The White House has acknowledged a minor role for Bush in the affair. Last year, it confirmed that Bush had one conversation with then-Attorney General Alberto Gonzales, prior to the now-infamous purge, about complaints from senators that their home-state U.S. attorneys were not aggressively pursuing perceived voter fraud cases.
In addition, the Albequerque (N.M.) Journal reported in April 2007 that sometime after the 2006 midterm elections, Bush had a phone conversation with Sen. Pete Domenici, R-N.M., about then-New Mexico U.S. attorney David Iglesias. Iglesias was one of the nine prosecutors fired in the scandal. The White House last Friday declined to confirm the story.
During oral arguments in June, Judge Bates made it clear he did not understand the adminisration's position on Bush's involvement in the scandal.
"Let me explore that just a little bit," Judge Bates asked administration lawyer Nichols during oral arguments in June. "[W]hat you're saying is that some of the documents" subpoenaed by Congress "may well be documents that involved advice to the President or even presidential decisions."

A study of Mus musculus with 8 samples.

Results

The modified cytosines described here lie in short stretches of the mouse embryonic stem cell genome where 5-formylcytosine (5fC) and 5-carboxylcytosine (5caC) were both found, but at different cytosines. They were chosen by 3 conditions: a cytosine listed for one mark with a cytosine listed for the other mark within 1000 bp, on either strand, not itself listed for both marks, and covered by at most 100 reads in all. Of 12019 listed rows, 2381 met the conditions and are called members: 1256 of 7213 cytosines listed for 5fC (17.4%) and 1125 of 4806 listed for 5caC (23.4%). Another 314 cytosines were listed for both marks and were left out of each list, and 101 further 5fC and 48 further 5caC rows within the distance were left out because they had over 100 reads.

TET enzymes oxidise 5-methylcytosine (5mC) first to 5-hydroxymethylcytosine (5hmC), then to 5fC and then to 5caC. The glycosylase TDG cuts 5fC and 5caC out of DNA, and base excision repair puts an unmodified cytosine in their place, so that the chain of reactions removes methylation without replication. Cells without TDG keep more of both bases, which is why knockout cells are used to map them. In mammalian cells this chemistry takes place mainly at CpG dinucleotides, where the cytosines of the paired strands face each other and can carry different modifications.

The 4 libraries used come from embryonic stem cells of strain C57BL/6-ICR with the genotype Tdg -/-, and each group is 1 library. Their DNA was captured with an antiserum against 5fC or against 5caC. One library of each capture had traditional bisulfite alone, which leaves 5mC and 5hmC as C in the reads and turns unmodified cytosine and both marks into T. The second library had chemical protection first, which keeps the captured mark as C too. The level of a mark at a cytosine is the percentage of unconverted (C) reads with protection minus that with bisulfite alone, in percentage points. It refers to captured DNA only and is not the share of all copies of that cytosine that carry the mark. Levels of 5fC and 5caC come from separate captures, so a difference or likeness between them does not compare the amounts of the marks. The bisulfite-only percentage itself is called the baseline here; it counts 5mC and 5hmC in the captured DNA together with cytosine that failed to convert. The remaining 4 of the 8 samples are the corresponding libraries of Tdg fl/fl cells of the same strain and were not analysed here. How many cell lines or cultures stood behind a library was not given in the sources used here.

"They may well. They may well," Nichols replied.
"But some may not," the judge said.
"That is correct," replied Nichols.
Bates tried to sum up the White House's stance: "If you divide out. . . the issues, into the removal [of the U.S. attorneys] versus who was to be appointed to replace people, versus handling the whole matter, the sort of after-the-removal problems with Congress, then those may have different degrees of presidential involvement."
"I think that's fair, Your Honor," Nichols replied.
Fair, perhaps, but none too clear: in his ruling, Bates noted there was "some ambiguity" in the White House's position.
The White House declined to comment on the president's role in the scandal. "We don't have anything new to add to this exhaustively covered issue at this time," wrote spokesman Scott Stanzel in an email to ABC News.